Al-Ali, the editor-in-chief of the independent Mosul daily Rai al-Nas, was shot dead by Islamic State militants on April 26, 2015, according to the Iraqi Journalists Syndicate, local press freedom groups, and his colleagues. He was also the vice president for the Iraqi nongovernmental organization Iraqi Family, which advocates on behalf of Iraqi children and women.
Al-Ali was kidnapped by Islamic State militants on April 6, 2015, from a Mosul café, according to the reports, which said the militants confiscated his phone and, upon finding contacts for Iraqi government officials, accused him of being an informant for the Iraqi government and the media. Twenty days later, militants shot him dead and gave his body to the medical examiner, according to an unnamed source in the medical examiner’s office who spoke to the National Iraqi News Agency.
The journalist had criticized the Islamic State group on his Facebook profile. On June 9, 2014, he wrote a post that called on Mosul residents to unite against Islamic State forces. The militant group completely overran the city the next day.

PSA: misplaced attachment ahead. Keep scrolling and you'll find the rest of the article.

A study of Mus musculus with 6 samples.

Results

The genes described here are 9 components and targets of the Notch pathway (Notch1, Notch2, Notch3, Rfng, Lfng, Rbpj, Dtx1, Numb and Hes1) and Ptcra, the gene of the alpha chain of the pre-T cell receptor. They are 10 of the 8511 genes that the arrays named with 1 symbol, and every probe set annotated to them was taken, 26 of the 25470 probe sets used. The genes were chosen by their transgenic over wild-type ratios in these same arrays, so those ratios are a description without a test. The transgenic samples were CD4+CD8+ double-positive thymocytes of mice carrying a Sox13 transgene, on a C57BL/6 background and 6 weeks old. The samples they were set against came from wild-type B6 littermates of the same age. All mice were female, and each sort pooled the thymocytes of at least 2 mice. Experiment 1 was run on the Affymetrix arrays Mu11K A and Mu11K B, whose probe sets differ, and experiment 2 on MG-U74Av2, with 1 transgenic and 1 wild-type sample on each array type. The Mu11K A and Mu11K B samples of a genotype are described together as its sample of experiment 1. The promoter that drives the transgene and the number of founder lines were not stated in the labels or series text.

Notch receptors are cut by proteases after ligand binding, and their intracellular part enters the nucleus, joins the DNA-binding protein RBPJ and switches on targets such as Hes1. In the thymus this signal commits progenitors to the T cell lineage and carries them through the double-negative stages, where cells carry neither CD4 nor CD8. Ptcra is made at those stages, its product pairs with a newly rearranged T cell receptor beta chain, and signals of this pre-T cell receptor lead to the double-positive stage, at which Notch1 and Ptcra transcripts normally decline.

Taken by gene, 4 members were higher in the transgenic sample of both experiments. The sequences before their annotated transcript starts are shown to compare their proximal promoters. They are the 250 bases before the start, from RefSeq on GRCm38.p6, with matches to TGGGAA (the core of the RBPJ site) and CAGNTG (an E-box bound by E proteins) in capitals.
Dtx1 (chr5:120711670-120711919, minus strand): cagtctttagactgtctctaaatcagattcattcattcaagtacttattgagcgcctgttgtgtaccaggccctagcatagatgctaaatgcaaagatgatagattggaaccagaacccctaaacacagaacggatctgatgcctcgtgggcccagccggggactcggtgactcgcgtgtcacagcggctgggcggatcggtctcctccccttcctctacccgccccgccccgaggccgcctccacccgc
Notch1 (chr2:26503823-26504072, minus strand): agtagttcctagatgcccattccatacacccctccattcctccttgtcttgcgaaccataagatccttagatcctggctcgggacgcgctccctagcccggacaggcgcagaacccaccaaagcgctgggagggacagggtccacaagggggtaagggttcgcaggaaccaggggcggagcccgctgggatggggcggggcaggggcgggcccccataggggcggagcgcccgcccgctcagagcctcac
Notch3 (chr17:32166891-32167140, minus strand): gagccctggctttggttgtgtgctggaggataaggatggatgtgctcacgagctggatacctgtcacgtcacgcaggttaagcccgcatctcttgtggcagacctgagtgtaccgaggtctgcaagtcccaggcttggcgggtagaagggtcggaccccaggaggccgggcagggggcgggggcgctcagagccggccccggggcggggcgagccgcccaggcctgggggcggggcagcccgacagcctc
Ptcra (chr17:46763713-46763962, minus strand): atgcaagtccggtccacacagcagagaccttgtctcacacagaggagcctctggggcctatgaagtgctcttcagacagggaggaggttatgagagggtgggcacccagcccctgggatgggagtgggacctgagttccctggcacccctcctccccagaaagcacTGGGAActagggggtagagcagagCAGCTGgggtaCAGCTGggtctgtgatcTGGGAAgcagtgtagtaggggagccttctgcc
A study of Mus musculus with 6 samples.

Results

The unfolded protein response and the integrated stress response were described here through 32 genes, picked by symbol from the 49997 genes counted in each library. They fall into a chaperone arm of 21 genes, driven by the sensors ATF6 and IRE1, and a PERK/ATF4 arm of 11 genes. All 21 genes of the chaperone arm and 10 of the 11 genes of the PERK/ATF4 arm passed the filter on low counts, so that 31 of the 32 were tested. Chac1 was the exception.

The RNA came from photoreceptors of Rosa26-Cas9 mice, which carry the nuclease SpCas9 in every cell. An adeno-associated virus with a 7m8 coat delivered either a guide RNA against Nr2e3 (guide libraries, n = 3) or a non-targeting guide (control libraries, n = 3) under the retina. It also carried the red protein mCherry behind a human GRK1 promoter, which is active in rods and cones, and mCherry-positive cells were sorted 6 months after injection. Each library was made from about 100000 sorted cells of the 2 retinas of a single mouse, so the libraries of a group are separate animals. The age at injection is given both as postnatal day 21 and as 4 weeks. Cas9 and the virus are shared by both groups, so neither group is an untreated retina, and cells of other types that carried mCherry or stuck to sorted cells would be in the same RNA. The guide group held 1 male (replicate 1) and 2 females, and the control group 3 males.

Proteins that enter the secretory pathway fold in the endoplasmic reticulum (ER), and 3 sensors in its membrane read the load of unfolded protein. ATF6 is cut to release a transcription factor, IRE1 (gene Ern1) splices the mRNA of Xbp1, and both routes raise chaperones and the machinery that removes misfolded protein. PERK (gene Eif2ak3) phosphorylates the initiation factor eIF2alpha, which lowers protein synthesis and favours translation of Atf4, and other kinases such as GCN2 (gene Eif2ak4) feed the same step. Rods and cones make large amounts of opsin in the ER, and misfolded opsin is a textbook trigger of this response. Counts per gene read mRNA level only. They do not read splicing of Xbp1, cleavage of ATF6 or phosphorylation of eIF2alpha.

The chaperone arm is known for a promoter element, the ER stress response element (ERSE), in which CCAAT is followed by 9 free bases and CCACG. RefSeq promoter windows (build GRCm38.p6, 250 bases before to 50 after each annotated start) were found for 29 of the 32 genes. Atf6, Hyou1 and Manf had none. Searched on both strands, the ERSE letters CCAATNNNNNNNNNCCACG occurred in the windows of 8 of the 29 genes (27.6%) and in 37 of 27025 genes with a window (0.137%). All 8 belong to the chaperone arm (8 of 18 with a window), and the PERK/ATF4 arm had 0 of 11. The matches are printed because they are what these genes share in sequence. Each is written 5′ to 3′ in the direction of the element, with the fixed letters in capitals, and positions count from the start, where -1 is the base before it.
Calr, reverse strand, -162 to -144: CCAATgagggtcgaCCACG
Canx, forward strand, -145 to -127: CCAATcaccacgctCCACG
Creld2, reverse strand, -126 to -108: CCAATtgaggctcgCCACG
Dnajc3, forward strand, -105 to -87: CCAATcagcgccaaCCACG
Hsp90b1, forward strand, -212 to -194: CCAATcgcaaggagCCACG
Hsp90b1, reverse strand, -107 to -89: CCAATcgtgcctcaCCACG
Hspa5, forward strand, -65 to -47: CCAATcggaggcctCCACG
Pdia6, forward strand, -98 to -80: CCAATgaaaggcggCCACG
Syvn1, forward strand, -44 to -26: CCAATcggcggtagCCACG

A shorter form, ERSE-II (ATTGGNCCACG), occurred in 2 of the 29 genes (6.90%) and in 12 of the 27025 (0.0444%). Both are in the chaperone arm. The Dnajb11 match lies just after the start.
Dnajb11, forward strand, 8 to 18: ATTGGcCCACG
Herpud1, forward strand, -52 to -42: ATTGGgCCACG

Al-Ali was not affiliated with any political parties, the editorial director for the local Nineveh Reporters Network, Mohammed al-Biyati, told the Kurdish media network Rudaw.
While the Islamic State group has often publicized its murders of international journalists in highly produced videos, it has often not given the same attention to its executions of local journalists, according to CPJ research. In the weeks that al-Ali was kidnapped and murdered, the Islamic State group in Mosul released pictures and videos about military preparations in the city and the stoning of purported adulterers. There is no mention of Al-Ali’s murder.
Since the Islamic State takeover over the city, dozens of journalists have been kidnapped, many have been reportedly killed, and many more have fled the city, as described in a CPJ guest blog post by Iraqi journalist Oday Hatem. The exact toll the Islamic State has waged upon the Mosul journalism community is unclear given the difficulty of confirming information from the city.